Stories matter with Silicon Valley startups, especially when it comes to the brains behind the operation: the founder. From Steve Jobs to Mark Zuckerberg to Uber's Travis Kalanick to AirBnb's Brian Chesky, startup founders are looked at like they are infallible gods. They can pull higher and higher valuations out of thin air, attract investors like snake oil salesman, and weave a narrative of their startup that will charm the masses. Elizabeth Holmes, the 31-year-old founder of blood testing company, Theranos, fits the Silicon Valley narrative to a T. She started her company while a student at Stanford (see: Google). She later dropped out to pursue her startup full time (see: Facebook). Her wardrobe consists of mainly black turtlenecks (see: Steve Jobs). She's played the part to the tune of more than $400 million from investors like Oracle's Larry Ellison and the revered venture-capital firm Draper Fisher Jurveston. Theranos has a valuation of $9 billion and Elizabeth Holmes is the youngest female self-made billionaire. But was it all a sham?
Holmes' idea to test for hundreds of maladies and conditions with a single drop of blood is revolutionary. Traditional blood testing is difficult, uncomfortable, and expensive. There hasn't been any real innovation in the process since the 1960s. In both hospitals and doctors' offices vials of blood are drawn and then have to be sent out to be tested. It can take weeks for results to come in and is prone to a high degree of human error. And of course, there are some people who are so afraid of needles they will go to all costs to avoid having blood drawn.
Holmes has made it fast and easy for people to have access to important information about their health. With the Edison technology and hardware that powers Theranos, you just walk into your local Walgreens, provide a few drops of blood from a finger, and for a bit over $5 you get a complete blood count panel (CBC). The standard cost of a Vitamin D test done the traditional way, for example, is $200. With Theranos, it is $20. It all sounds too good to be true, right? It turns out it might have been.
Last week, the Wall Street Journal revealed that Theranos was exaggerating the efficient results of their technology. Several former patients who've used the Theranos tests in Walgreens Wellness Centers received very inaccurate results. Ian Gibbons, a biochemist who worked for Holmes, told his wife Rochelle that nothing about Theranos's technology worked. Gibbons committed suicide in 2013.
What may be even worse for Theranos is the revelation that it doesn't use its much-vaunted technology for most of its tests. Instead, it uses traditional methods of blood testing. So much for revolutionizing an industry, eh?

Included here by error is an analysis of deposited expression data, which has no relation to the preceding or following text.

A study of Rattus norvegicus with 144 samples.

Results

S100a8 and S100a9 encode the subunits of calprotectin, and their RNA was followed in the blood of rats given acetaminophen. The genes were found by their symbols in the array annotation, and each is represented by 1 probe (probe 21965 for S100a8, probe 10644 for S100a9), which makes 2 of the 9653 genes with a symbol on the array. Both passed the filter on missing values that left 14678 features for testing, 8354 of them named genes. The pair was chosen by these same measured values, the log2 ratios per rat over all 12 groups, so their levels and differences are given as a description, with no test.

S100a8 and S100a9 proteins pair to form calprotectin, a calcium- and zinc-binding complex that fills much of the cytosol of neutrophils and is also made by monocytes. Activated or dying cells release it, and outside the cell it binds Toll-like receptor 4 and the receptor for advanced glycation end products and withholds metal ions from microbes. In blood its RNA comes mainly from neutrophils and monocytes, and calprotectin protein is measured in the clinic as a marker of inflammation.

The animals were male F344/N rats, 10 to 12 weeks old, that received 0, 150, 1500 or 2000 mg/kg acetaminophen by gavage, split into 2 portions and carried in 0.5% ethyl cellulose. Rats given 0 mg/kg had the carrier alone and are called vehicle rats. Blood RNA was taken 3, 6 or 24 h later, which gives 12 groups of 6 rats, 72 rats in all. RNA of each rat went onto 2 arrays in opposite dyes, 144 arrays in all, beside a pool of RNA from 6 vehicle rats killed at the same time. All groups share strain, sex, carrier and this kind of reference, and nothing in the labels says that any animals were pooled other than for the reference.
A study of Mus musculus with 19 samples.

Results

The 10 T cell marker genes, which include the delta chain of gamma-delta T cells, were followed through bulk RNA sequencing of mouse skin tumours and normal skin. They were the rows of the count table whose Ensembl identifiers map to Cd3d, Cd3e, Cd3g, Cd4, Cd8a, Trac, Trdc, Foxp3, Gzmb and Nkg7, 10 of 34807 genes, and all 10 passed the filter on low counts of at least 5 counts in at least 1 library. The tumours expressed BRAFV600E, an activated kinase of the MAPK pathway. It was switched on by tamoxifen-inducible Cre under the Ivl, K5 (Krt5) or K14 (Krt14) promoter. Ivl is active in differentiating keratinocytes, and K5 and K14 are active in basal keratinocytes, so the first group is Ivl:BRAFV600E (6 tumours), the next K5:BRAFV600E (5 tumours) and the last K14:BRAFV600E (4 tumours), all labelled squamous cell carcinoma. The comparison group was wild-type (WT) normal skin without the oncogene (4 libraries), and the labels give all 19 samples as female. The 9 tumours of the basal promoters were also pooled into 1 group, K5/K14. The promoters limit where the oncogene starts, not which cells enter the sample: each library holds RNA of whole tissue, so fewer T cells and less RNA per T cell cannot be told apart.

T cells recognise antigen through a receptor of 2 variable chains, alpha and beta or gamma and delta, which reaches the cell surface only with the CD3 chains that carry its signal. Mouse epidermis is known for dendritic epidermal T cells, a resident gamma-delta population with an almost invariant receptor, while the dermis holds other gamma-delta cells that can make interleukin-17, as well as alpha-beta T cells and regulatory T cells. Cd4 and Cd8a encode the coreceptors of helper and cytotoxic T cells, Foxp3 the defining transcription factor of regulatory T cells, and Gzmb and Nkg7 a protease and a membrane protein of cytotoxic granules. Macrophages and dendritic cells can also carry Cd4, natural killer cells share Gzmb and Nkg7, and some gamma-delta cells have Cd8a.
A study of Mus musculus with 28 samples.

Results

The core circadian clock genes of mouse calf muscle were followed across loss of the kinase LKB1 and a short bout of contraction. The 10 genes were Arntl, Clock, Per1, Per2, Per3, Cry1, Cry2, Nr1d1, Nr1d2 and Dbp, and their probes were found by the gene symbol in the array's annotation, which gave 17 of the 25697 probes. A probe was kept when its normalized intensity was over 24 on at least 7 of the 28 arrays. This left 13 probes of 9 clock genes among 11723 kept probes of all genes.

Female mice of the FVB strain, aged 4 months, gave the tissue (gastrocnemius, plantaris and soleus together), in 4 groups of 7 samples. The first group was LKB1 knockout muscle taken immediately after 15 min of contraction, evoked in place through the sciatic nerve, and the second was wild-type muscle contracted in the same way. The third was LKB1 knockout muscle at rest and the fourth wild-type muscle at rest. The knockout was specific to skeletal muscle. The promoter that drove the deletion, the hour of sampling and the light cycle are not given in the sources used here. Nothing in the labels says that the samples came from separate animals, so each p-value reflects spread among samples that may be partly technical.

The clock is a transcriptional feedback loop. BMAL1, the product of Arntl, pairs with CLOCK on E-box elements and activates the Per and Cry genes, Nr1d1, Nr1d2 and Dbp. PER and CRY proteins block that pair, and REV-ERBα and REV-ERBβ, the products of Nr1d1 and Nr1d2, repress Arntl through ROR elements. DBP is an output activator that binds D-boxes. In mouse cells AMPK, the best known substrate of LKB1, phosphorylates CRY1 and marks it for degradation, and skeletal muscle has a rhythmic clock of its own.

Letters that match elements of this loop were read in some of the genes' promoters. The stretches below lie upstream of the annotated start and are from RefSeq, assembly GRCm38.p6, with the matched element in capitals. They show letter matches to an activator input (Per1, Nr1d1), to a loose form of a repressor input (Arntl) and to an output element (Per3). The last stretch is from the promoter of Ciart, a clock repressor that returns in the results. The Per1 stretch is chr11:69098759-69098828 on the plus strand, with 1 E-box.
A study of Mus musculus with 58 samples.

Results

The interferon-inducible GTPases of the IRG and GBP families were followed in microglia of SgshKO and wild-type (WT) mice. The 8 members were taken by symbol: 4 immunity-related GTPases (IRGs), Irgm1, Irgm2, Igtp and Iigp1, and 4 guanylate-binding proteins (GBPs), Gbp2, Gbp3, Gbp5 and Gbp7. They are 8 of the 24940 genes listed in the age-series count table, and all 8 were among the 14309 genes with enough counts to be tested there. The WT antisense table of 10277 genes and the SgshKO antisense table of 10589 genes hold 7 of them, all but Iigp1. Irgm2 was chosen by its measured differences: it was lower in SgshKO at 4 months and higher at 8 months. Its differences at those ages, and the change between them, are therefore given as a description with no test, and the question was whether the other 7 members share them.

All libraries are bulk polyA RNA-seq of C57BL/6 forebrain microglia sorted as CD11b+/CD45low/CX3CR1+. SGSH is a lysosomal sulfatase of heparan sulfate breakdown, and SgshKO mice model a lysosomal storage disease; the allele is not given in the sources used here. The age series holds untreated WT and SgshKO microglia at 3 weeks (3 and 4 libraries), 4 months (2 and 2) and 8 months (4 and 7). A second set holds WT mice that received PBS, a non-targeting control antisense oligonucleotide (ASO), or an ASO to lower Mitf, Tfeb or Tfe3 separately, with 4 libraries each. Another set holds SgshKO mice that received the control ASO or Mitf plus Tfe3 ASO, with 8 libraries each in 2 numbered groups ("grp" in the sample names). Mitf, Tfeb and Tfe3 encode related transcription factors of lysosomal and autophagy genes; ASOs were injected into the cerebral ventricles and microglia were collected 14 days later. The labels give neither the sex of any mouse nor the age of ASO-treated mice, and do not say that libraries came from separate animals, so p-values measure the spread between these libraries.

Theranos is responding to the allegations much as you'd expect a company valued at $9 billion would. It released a statement calling the mess "factually and scientifically erroneous and grounded in baseless assertions by inexperienced and industry incumbents." Attorneys for Theranos have claimed that it is disgruntled former employees making up stories to sully the good name of Holmes and Theranos. In actuality though, Theranos's attorneys have gone after the sources that came forward asking them to sign prepared statements stating that the Wall Street Journal misquoted them.
Holmes has gone on the defensive. She issued an official statement denying the allegations in the Wall Street Journal. She also appeared on CNBC's Mad Money, where she told Jim Cramer that the disgruntled former employees who spoke out were from the early stages of Theranos and they just never were able to grasp what she was trying to do.
"This is what happens when you work to change things. First, they think you're crazy, then they fight you, then you change the world."
That may be the case, however, even Holmes wasn't able to deny the most damning of the accusations against Theranos – that the company runs tests through traditional blood testing techniques.
As a result of the brouhaha, Theranos has stopped collecting tiny vials of blood for all but one of its tests. The company has all but abandoned the technology they deemed revolutionary and world changing.
Elizabeth Holmes had fit nicely into the narrative of Silicon Valley founders. She embodied the altruism and optimism that runs rampant in the Valley. However, this debacle also begs that a bigger question be asked: Are these idealistic startups run by charming, charismatic, brilliant, young founders actually worth even an iota of their stratospheric valuations?